Sunday I completed my 6th marathon — my 3rd in the last six months. I felt good, finished strong, and shaved 16 minutes off my previous personal record. Sunshine, cool temperatures: perfect conditions.
A lot of people who aren’t runners seem impressed when I tell them I run marathons. Or they think I’m crazy. It seems a little crazy when I say it out loud, but the process hasn’t felt crazy. I don’t run every day. In fact, most weeks I don’t even run more than 3 times. I don’t cross train; I don’t weight train; I don’t follow any specific guide or method. I don’t even stretch! Maybe my lack of attention to additional training approaches is what my running friends would call crazy.
I’ve found that the only way to accomplish something difficult, like running marathons, is to apply focused, consistent effort.
Accomplishing any big goal takes both focus and consistency. Focus without consistency is mindless obsession. I could talk about marathons all day, planning and scheming. Without consistent training, I’d never create the endurance needed to reach my goal.
Focus is important because it requires you to decide on a singular goal and give it your attention. Though there’s a lot you can do, you’re eliminating some possibilities to hone in on one at a time.
Consistency is important because accomplishing a difficult goal is never once and done. It’s repeated effort. Again and again. Persistence. There’s no magic, just showing up.
If I want to create more fulfilling relationships, I have to invest time and energy in people in a consistent way, over time.
If I want to grow my business, I need to have consistent marketing approaches to build relationships and add value to potential clients. I need to be consistent in sales outreach and follow-up.
If I want to become a more effective speaker/presenter, I need to practice, accepting opportunities when they come my way and preparing well so I can communicate clearly.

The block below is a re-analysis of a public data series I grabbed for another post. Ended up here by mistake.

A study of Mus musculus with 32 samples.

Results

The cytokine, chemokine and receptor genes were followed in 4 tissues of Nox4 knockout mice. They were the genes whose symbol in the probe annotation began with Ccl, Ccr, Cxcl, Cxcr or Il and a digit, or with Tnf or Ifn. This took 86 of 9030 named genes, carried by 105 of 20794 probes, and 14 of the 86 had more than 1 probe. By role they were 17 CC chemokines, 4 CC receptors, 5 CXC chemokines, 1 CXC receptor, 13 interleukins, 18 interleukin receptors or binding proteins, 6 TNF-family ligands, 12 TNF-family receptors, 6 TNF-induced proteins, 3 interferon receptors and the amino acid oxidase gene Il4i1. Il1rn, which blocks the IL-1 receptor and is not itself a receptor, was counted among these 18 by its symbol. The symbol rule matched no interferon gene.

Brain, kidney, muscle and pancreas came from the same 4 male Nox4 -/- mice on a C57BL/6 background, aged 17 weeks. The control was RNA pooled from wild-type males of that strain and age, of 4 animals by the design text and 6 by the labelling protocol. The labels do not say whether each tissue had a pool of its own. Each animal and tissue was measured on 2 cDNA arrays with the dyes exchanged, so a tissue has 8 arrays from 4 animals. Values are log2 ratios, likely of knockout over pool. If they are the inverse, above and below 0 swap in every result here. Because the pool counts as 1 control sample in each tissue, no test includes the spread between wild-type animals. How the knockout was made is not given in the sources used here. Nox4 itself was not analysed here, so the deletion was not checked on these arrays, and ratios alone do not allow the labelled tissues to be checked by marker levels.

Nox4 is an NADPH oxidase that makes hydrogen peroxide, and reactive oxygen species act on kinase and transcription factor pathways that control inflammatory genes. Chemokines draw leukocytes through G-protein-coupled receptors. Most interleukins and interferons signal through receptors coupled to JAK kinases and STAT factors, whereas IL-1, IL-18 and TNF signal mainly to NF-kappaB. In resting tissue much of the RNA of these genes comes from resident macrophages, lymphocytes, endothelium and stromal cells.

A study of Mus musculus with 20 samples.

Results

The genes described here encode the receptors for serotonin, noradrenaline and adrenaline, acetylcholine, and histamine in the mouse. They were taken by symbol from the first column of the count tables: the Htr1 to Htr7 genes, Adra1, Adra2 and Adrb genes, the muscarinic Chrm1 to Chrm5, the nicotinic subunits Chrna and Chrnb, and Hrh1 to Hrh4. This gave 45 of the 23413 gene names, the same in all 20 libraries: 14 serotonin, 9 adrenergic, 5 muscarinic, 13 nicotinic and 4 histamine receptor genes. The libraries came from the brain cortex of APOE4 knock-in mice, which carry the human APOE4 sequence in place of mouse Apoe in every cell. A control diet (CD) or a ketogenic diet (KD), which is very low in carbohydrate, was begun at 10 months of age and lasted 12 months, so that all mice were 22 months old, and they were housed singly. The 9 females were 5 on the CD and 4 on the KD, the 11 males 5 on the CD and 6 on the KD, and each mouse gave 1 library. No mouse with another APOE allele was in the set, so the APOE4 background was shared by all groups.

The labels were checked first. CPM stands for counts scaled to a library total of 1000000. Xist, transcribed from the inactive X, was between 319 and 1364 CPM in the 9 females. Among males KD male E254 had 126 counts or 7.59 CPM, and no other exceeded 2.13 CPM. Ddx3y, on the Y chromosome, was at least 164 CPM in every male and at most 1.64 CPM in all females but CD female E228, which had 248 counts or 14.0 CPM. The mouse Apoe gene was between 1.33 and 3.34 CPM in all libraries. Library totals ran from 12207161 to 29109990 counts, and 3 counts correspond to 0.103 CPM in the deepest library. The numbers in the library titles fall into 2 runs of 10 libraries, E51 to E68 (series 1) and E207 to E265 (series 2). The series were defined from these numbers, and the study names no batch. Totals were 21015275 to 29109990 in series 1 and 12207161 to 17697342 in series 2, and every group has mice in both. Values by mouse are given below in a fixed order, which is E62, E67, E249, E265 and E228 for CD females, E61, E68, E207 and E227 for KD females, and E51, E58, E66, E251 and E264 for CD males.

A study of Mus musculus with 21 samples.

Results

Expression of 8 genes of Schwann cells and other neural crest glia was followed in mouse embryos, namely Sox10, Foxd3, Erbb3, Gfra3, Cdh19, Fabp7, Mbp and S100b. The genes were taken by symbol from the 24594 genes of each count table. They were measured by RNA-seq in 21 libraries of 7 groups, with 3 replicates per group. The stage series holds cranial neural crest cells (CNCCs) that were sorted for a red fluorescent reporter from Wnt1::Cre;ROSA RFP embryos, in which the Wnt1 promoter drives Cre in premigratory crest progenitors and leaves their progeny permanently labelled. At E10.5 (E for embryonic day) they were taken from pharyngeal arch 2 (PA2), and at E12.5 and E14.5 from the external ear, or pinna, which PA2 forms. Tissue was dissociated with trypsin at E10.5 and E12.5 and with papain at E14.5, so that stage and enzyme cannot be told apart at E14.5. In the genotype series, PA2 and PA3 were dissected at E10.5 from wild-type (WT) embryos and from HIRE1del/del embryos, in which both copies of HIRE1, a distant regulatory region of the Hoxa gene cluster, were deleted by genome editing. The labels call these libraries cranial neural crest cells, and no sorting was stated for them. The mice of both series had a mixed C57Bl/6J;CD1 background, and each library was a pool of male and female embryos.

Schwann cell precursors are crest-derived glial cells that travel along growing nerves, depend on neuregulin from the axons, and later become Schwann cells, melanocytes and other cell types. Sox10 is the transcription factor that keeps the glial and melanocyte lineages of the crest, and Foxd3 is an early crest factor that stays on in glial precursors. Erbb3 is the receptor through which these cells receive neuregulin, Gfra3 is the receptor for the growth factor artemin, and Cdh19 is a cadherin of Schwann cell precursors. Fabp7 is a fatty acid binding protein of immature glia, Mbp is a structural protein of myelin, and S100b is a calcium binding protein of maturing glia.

If I want to improve my writing, I need to write.
There’s no magic, just showing up.
What do you most want in your life? If it’s to conquer a big goal like a marathon, take the first step by incoporating regular runs into your weekly schedule. If it’s to build a business, think about the repeatable practices you’ll need to do in order to build your business. If it’s to be a better blogger, commit to a sustainable schedule and schedule time to write. If it’s to have more fulfilling relationships, set aside time to invest in your relationships.
Focus and consistency are key to making progress toward any goals you’re aiming for — even the ones that seem difficult or crazy.
You have confirmed and proven 6 times that the magic comes after you’ve done the work, not once, not half heartedly, not just when you felt moved to do it. No, you bring your goals into focus, then you work on them consistently, with self discipline. You do more than show up. You don’t quit.
Becky Robinson, well said. I love the analogy with running, because sports have a lot to teach us about self discipling!